The roselle which we most commonly call ‘rosella’ in Australia is part of the hibiscus family (Hibiscus sabdariffa). It’s most useful part is the bright red, fleshy calyx which is used to make some food colourings, teas, cordial and jam. If you’ve ever seen the ‘Wild Hibiscus’ brand flowers in syrup which are popped into champagne glasses to gussy up the bubbly it’s the humble rosella calyx!
Making jam is a scientific process. If you’re thinking “Precision! Accuracy! Special equipment!” rest assured – it’s not that kind of scary science, it’s easy! Jam is the result of a chemical reaction between pectin (a carbohydrate), sugars and fruit acids.
- ½ 9L bucket of rosellas
- 3-4 cups of sugar (have more on hand because you need to have equivalent amounts of fruit pulp and sugar)
- 1 apple (peeled, cored, chopped)
- Juice of 1 lemon
- Soak the fruit in a sink full of cold water for 10 minutes and then drain. Separate the red calyx from the seedpod. Some recipes suggest you use an apple corer to do this but I think it’s just as easy to peel the calyx away by hand. Reserve the red calyx
- Place the seedpods into a saucepan, cover with water and simmer for 10-15 minutes until the seedpods are soft and translucent. This extracts the pectin from the seed pods. Remove the seed pods (use a slotted spoon or strain, reserving the liquid in a large saucepan)
- Add the red calyx, juice of one lemon and an apple (peeled, cored and chopped). Simmer gently until very soft
- Measure the quantity of fruit pulp and add cup for cup sugar to fruit (or for larger amounts 1L pulp = 1kg sugar). Stir over a gentle heat until the sugar is dissolved
- Bring to the boil. The jam will froth high in the saucepan so it needs to be no more than half full before you start boiling! Test for setting by putting a saucer in the freezer to chill, then put a teaspoon of jam on the saucer. Wait for it to cool and then push the top with your finger – if it wrinkles it’s cooked correctly
The jam should also stop frothing as it gets close to its setting point so watch for this. Using too high of a temperature or cooking for too long can destroy the pectin resulting in a poor gel (you end up making more like a thick syrup)
6. Bottle the jam into hot, clean jars and seal immediately.
Tip: For any kind of Jam making, make sure your fruit isn’t overripe – overripe fruit does not have as much pectin as an under-ripe fruit so you might have trouble getting the jam to set.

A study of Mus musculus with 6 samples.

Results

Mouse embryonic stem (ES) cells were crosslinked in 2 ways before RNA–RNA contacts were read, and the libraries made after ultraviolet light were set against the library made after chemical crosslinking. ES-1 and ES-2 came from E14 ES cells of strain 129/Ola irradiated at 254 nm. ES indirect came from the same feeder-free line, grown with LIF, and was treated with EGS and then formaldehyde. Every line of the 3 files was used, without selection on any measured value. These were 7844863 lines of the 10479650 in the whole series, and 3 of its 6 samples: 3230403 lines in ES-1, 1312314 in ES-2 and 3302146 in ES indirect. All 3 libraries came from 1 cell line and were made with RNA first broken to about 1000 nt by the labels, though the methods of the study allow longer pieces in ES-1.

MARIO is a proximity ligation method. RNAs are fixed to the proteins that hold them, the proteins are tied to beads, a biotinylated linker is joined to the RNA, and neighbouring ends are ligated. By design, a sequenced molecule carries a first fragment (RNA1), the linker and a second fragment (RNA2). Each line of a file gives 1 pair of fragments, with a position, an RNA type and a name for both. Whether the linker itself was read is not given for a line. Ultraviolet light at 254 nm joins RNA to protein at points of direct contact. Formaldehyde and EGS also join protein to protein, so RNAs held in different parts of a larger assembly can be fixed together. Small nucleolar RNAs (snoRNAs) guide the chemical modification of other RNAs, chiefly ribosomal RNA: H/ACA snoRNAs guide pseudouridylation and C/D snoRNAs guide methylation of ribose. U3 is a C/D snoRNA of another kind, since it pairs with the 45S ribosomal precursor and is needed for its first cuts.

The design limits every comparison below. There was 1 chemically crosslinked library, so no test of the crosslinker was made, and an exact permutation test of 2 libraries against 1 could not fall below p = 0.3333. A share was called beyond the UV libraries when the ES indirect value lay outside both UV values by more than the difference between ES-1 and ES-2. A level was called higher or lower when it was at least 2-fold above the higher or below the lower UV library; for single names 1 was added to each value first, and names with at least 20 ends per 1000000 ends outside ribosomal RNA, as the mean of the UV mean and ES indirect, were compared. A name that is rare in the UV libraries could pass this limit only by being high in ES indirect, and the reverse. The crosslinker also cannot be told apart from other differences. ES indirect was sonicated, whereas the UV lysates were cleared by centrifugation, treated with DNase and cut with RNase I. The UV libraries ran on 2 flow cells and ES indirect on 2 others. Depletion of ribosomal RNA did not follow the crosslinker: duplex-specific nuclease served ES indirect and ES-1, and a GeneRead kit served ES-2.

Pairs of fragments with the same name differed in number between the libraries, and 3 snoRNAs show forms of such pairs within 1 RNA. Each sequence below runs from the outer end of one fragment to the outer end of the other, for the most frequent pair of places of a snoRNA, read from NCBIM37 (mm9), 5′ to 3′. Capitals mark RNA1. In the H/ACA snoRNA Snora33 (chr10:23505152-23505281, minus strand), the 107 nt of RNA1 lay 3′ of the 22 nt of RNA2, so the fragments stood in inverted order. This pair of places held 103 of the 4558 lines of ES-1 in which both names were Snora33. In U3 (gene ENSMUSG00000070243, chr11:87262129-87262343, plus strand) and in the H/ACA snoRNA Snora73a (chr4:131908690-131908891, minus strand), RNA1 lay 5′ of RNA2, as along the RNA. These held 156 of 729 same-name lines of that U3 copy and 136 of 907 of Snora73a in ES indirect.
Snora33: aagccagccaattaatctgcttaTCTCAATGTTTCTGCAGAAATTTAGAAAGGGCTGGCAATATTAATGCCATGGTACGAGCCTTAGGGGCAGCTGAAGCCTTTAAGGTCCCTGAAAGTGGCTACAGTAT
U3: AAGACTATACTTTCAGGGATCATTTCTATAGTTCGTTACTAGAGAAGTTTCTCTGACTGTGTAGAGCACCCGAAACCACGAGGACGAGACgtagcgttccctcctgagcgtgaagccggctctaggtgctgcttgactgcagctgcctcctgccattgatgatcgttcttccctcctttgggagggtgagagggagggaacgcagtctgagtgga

And now for the Science… HOW it all works!
The pectin in fruit (or commercial pectin if you’re using jam-making sugar) precipitates out when sugar is added making insoluble fibres. The sponge-like insoluble fibres trap fruit juice and the result is a gel.
Rosellas, apples, blackberries, cranberries, plums and quinces (to name just a few) have lots of natural pectin and thus are good for making jams. Strawberries and apriocots on the other hand are low in natural pectin and so they need to be combined with another fruit, or a commercial pectin product needs to be used to make them gel. So rosellas are a good place to start for a beginner!
Before pectin extraction…
After pectin extraction…
Sugar is necessary for the gel to form so I’m afraid you can’t skimp on sugar for the sake of your waistline! Sugar is also a preserving agent. The Biology teacher in me wants me to go into all the technical details of sugar and osmosis but I said this wouldn’t be scary Science so here’s a brief summary from Moment of Science:
Sugar works not by poisoning the food-spoiling microbes, but by causing them to literally die of thirst. This is because sugar attracts water very well; the more sugar there is in any solution, the more water it tries to draw from its surroundings. This is bad news for any microbe that happens to be inside a jar of jam. High concentrations of sugar will suck the microbe’s vital water right through its cell wall, causing it to dehydrate. This process is called “osmosis” and it can be deadly for bacteria and mold.
Acidity is important for the gel to set. It won’t set if there is too little acid. In this recipe lemon juice is added to increase the acidity so that it gels well.
WHOAH. That was a lot of information! Well done you if you got to the end! Can you tell I’m a Biology teacher? I hope you learned something new and interesting about something we often take for granted – Jam!